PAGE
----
Introducing the first half of the new cohort of Art21 Educators, each bringing a passion for contemporary art in the classroom to Year 7 of the program, which kicks off next week with the Summer Institute.
Alina Ianovskaia teaches studio art to high schoolers at West Vancouver’s Mulgrave School in British Columbia. Introduced to Art21 in college, Alina has since based her own lessons off of the thematics from the Art in the Twenty-First Century broadcast series. Following the arts-based interdisciplinary research practice, a/r/tography developed by Rita L. Irwin at the University of British Columbia, Alina sees herself as an art teacher, artist, and researcher.
“A/r/tography is a way of being a teacher, a leader, an artist, a researcher, a collaborator. Having a name for something helps that something come into existence,” she said. “I should be engaging with students as artists/researchers/teachers, giving them the opportunity to teach me. I should start blurring the boundaries between these roles, where art/research/teaching begin to crack and seep into each other, begin to blur and form new spaces for understanding to grow and stretch.”
LaRosa Jones-Arroyo teaches digital art and photography to high schoolers at Springbrook High School in Silver Spring, Maryland. Inspired by Oliver Herring’s Areas for Action at the Baltimore Museum of Art, LaRosa realized that contemporary art breaks well beyond the bounds of fine art’s conventional definitions.
“Contemporary art is art of the present that is happening as we speak. It is the art that can speak and resonate to people of all ages,” she said. “Contemporary art plays a very important role in my teaching because it is the art that reflects and connects with my students. It can fuel and drive their interests because contemporary art can be seen as their culture and identity.”
Alex Mendez teaches studio art to students from pre-kindergarten through eighth grade, reaching roughly 650 students in any given year at Chicago’s Inter-American Magnet School. Introducing students to artists as varied as Doris Salcedo and Jean-Michel Basquiat, Mendez worked with Season 8 artist Theaster Gates for several years at a charter school in Chicago’s west side.
“When teaching students about art, many come with preconceived notions that all great art has already been made and that all great artists are dead,” he said. “When they are presented with the idea that contemporary art is made in the present time by artists that are still alive they have to adjust their thinking. Contemporary art is the movement of the now and the expression of ideas that impact the world, society, community and the present.”
Grace Hulse has been teaching art to pre-kindergartners through eighth graders for over two decades. Reaching hundreds of students each year at Fort Garrison Elementary School in Baltimore, Grace utilizes her school’s location to build lessons around the collections and exhibitions at local institutions like the Baltimore Museum of Art and the Maryland Institute College of Art.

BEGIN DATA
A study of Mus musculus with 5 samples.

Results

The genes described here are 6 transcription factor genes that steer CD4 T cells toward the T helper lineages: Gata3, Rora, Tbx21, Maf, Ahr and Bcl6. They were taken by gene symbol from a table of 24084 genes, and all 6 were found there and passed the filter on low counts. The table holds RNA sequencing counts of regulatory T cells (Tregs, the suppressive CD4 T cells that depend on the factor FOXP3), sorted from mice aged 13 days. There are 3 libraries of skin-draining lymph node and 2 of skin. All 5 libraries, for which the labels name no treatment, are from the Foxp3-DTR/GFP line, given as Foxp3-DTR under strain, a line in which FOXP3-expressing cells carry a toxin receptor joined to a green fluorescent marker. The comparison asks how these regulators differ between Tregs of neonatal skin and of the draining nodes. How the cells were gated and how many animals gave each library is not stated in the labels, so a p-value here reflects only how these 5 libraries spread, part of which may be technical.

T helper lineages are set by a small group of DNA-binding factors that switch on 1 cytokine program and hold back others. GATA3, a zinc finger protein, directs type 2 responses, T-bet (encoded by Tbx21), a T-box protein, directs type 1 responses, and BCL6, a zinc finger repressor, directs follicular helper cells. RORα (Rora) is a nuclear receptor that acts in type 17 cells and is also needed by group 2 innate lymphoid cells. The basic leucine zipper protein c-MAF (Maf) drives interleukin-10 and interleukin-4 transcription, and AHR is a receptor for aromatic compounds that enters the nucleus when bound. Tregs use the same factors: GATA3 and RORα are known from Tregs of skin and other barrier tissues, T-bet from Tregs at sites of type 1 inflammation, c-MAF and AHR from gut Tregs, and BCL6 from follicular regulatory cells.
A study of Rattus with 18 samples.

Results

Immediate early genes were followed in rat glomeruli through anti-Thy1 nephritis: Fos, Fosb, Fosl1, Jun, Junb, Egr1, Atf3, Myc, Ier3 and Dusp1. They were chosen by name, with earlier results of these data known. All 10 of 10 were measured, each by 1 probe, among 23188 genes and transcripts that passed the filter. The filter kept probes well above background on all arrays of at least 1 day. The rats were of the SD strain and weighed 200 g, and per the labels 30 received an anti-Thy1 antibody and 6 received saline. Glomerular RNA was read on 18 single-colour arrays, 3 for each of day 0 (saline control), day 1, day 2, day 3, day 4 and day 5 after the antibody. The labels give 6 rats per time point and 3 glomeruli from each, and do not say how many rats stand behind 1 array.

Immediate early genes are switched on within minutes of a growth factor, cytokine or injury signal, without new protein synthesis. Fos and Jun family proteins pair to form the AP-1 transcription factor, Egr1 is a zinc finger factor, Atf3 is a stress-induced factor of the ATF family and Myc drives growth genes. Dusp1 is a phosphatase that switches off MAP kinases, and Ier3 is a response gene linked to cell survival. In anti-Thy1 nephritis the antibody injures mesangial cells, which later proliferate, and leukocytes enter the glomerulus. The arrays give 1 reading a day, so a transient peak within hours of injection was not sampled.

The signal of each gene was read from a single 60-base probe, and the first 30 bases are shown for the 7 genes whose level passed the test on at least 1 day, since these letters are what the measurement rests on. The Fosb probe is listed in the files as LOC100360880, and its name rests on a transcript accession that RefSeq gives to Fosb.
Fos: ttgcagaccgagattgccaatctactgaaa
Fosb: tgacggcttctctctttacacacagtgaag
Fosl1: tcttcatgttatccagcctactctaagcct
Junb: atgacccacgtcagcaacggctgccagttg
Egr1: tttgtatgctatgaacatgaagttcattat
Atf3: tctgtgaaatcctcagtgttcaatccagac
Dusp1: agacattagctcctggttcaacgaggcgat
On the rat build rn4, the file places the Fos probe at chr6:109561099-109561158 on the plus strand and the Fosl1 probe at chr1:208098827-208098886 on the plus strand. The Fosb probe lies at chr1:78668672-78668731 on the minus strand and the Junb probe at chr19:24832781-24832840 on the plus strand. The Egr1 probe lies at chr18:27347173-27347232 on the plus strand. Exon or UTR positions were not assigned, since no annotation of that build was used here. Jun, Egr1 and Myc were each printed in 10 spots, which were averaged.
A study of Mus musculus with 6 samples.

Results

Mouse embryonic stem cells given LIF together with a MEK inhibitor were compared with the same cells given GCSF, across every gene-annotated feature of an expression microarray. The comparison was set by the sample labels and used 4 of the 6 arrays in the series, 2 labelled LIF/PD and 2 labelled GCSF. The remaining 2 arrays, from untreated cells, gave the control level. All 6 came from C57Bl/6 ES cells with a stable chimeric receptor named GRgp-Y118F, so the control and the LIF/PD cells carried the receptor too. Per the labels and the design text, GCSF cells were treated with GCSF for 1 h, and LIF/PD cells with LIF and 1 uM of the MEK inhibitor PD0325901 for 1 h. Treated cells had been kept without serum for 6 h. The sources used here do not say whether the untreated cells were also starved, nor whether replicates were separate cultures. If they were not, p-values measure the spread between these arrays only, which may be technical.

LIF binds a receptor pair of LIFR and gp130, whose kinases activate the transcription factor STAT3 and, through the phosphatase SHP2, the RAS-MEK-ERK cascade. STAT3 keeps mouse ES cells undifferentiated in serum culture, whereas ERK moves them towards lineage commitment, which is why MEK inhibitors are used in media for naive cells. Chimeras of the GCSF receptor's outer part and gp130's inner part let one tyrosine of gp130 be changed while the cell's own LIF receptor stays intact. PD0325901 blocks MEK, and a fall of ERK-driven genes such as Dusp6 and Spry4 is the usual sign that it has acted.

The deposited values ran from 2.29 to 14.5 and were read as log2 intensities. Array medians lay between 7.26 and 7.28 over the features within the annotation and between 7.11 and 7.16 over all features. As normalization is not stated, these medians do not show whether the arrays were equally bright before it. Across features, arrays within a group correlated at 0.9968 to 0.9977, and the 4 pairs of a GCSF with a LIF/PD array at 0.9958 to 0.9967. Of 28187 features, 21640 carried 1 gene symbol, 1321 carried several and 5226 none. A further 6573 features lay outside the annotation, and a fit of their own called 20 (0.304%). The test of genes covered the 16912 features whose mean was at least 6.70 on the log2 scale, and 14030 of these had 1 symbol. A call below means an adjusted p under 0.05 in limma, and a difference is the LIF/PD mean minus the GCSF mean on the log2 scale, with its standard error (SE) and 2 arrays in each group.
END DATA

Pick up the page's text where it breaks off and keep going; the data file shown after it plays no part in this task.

“More than just the work of living artists, I feel that contemporary art is about ideas and exploring new ways of communicating those ideas,” she said. “Contemporary artists break boundaries and do not limit themselves to traditional media or processes. When I think of contemporary artists I think of people who are creating on the cutting edge, exploring, exploiting technology, pushing the limits of what art can be.”
Marie Elcin is an artist and educator teaching kindergarten through eighth grade students at Christopher Columbus Charter School in Philadelphia, and adults at her local community arts center, Fleisher Art Memorial. Working within her school’s art curriculum that requires her to cover specific art historical periods, Marie consistently finds ways to connect local and contemporary art examples to the work of art history masters. For instance, she connected Thomas Cole’s The Oxbow to the work of lego sculptor, Sean Kenney, who created and installed a series of endangered animal sculptures at the Philadelphia Zoo to critique how humans have failed to care for our environment.
“I believe that I have a responsibility as an art educator to help prepare my students to communicate and comprehend the world through visual means,” she said. “The more aware they are of how meaning is created in images, the better they will be able to think critically about the messages they consume in everyday media. I don’t want to explain to my students what everything means in an image; I want to create space and opportunities for my students to discover and interpret meaning on their own.”